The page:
From stolen fertilizer to shop vacs… or how not to alarm the public

INVESTIGATIVE REPORT By Douglas J. Hagmann, Director

21 May 2007: Question: What looks like fertilizer, smells like fertilizer, is packaged commercially like fertilizer, is labeled as fertilizer, has a total weight of 5 tons, and is the subject of a wide search by law enforcement officials? Answer: Twenty-eight pallets of commercial “shop vac” style vacuum cleaners, according to public information officials at the Los Angeles Police Department. The story itself smells as bad as the raw cargo that went missing from a tractor trailer in the Los Angeles area sometime Sunday. The mysterious morphing of 5 tons of potentially lethal bomb material, however crude, into 28 pallets of high-powered sucking devices evolved unchecked by media sources, but became the target of our research and investigation.

Since the initial report that a tractor trailer hauling five tons - 10,000 pounds of nitrate based fertilizer was stolen in California on Sunday, the Northeast Intelligence Network has been closely researching this incident. According to initial reports, a tractor-trailer was stolen while the driver took a break Sunday afternoon, parking his truck in an industrial area near Griffith Park, northeast of downtown Los Angeles. When he returned for his rig about 5 hours later, the tractor-trailer was gone. According to the initial reports to law enforcement, the driver was transporting 10,000 pounds of bagged nitrate based fertilizer he was to deliver from Texas to the Home Depot store in Tracy, California.

About 12 hours later, authorities became more concerned when the truck was recovered about 20 miles north of Los Angels in Carson, minus the 10,000 pounds of fertilizer. At that time, a call was put out by LAPD to be on the lookout for the fertilizer, as fertilizer-based compounds wee used in the 1993 World Trade Center bombing as well as the 1995 Murrah Building bombing. Shortly after the announcement of the theft was made, the public backstrokes began. Officer Martha Garcia, a LAPD police department spokeswoman, said investigators believe the missing fertilizer “does not contain anything that could be used to make an explosive, but they were taking precautions.” Precautions indeed.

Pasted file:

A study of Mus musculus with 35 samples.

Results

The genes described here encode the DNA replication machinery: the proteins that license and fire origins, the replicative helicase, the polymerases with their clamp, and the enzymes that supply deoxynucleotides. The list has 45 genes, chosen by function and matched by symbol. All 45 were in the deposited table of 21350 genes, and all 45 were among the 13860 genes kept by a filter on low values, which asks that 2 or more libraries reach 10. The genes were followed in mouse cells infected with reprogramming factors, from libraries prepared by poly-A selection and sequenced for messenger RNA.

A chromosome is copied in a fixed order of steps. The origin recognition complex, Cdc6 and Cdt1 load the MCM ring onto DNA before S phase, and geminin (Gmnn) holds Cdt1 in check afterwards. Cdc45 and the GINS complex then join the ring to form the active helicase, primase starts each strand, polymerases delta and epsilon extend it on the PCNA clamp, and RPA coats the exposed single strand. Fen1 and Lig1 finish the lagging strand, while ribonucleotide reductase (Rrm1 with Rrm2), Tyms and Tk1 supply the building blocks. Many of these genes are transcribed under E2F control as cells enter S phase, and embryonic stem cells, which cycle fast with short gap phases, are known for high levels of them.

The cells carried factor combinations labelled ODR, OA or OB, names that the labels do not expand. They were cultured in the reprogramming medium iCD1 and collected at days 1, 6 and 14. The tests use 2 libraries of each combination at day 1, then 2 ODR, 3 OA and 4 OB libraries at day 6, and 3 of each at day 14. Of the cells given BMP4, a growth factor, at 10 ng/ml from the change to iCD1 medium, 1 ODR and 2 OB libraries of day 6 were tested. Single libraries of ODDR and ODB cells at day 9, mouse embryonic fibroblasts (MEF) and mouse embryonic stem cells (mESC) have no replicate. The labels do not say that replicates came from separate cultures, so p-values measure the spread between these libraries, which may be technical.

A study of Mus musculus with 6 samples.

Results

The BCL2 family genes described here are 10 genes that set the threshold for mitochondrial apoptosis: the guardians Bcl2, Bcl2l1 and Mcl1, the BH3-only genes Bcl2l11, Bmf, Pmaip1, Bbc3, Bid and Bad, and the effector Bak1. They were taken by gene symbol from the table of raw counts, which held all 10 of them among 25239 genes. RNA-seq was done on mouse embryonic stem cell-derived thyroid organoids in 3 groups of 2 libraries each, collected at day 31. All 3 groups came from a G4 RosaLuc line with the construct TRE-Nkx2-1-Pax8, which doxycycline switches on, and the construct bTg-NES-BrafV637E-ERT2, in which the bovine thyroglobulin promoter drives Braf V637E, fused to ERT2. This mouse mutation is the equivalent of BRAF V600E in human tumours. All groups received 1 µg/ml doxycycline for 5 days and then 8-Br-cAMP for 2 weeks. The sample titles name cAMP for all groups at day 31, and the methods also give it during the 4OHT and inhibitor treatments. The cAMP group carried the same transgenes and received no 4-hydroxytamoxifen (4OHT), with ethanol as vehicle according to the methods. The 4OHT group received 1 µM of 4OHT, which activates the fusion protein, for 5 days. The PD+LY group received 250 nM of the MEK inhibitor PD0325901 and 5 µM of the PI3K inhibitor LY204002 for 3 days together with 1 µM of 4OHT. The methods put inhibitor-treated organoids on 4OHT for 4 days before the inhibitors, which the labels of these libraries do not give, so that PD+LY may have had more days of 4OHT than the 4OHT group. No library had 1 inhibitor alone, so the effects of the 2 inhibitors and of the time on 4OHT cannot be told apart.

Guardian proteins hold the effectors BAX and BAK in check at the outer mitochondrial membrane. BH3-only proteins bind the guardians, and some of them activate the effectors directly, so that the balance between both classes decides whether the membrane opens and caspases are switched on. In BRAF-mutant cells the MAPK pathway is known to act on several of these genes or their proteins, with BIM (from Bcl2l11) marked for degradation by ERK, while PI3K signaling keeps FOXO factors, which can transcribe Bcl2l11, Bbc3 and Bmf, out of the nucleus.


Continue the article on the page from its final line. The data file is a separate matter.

To put it into proper perspective, the missing cargo consists of about twice as much nitrate based fertilizer that was used in the 1995 bombing of the Murrah Building that killed 168 people and 3 unborn children. Also noteworthy is the fact that about 1500 pounds of nitrate based fertilizer, about one-seventh of the missing cargo, was used in the 1993 World Trade Center bombing that killed 6 people and injured over a thousand more.

As Sunday turned into Monday, the fertilizer turned into shop vacs. Apparently, according to law enforcement sources, there was never any fertilizer so there is absolutely no public danger, unless you are unfortunate enough to allow a vital appendage to be sucked into one of the wayward high powered vacuums.

In an attempt to determine fact from fiction, the Northeast Intelligence Network contacted law enforcement sources and a variety of other sources in and around Los Angeles. None of the “official spokespersons” for the law enforcement agencies involved in this case would comment on the matter or explain how such a mix-up concerning the cargo of the truck could have occurred, especially for the length of time that it did.

After exhausting all of the official law enforcement channels, I contacted the Home Depot store in Tracy, California - the intended customer of the fertilizer. I spoke with three different people holding different positions in the store, all who have knowledge of such deliveries. Unsurprisingly, no one would go on record about the delivery of the fertilizer to their garden department. I did, however, manage to learn two things from these unlikely sources:

First, if you are in the market for a shop vac, they have plenty in stock. Secondly, if you need bags of nitrate based fertilizer, you might want to check with another store.